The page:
Vienna Programme of Action
Thirty-two of the world’s landlocked countries with a population of about 440 million, face an array of challenges mainly associated with their lack of direct territorial access to the sea and remoteness from world markets. Their dependence on other countries for international trade via transit is an element that adds on to these various challenges.
To address these particular constraints, there has been an increase in recognition of landlocked developing countries and their specific needs at the United Nations. The Almaty Programme of Action: Addressing the Special Needs of Landlocked Developing Countries within a New Global Framework For Transit Transport Cooperation for Landlocked and Transit Developing Countries and the Almaty Ministerial Declaration, is amongst the first steps adopted in addressing the needs of landlocked developing countries.The Vienna Programme of Action, the new holistic document centered upon addressing the challenges faced by landlocked countries, aims to contribute to the eradication of poverty stemming from their landlockedness, through the implementation of specific actions in the priority areas of the renowned document.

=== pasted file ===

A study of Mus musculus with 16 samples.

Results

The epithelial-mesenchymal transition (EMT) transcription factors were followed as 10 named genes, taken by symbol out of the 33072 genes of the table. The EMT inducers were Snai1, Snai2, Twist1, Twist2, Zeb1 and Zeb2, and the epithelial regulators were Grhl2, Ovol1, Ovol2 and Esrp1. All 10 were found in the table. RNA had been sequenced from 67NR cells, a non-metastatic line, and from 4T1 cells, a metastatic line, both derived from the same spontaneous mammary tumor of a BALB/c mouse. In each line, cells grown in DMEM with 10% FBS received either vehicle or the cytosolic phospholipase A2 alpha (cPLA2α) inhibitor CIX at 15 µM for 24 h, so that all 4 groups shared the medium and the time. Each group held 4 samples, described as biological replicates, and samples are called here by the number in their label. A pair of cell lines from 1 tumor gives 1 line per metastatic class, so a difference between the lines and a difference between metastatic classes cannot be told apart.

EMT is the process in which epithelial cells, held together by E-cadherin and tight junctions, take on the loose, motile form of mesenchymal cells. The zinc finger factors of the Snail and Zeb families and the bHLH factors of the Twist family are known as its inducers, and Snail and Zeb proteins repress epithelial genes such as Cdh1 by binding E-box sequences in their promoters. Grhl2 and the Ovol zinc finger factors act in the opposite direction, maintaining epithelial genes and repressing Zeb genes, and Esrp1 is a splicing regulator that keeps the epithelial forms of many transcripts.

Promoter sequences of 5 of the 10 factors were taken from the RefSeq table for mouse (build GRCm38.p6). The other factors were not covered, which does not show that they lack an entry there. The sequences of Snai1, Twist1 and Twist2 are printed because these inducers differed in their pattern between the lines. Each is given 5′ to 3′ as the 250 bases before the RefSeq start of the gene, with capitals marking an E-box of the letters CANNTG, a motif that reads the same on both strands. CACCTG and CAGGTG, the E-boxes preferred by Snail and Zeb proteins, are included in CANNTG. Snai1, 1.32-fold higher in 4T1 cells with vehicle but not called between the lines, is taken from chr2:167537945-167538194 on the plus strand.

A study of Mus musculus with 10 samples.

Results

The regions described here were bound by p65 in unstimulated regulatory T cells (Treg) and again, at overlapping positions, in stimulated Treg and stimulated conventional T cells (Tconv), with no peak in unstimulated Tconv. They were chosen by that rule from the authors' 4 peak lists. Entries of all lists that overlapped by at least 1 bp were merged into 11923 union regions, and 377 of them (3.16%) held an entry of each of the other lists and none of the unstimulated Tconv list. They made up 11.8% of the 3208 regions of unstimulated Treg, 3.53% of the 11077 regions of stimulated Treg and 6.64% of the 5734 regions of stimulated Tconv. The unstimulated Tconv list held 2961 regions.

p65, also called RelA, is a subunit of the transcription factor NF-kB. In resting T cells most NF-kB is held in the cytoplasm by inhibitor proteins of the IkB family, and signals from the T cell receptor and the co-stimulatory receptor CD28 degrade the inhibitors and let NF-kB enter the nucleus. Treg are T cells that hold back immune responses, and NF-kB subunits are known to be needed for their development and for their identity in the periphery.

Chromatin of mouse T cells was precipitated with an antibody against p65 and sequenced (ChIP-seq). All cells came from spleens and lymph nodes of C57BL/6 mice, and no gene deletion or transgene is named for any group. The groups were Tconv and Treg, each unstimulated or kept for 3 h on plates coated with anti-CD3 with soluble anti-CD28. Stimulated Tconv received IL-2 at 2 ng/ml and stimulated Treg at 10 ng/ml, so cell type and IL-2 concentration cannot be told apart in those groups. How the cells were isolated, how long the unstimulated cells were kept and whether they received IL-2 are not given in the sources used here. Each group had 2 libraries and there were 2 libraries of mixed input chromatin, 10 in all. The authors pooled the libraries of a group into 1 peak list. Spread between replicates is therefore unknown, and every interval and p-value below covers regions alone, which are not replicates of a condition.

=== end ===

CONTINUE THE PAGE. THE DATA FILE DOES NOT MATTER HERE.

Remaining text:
Six Priorities in the Vienna Programme of Action
- Priority 1: Fundamental transit policy issues
- Priority 2: Infrastructure development and maintenance
- (a) Transport infrastructure
- (b) Energy and information and communications technology infrastructure
- Priority 3: International trade and trade facilitation
- (a) International trade
- (b) Trade facilitation
- Priority 4: Regional integration and cooperation
- Priority 5: Structural economic transformation
- Priority 6: Means of implementation
The main innovative feature of the Vienna Programme of Action is the particular focus to the development and expansion of efficient transit systems and transport development, enhancement of competitiveness, expansion of trade, structural transformation, regional cooperation, and the promotion of inclusive economic growth and sustainable development to reduce poverty, build resilience, bridge economic and social gaps and ultimately help transform those countries into land-linked countries.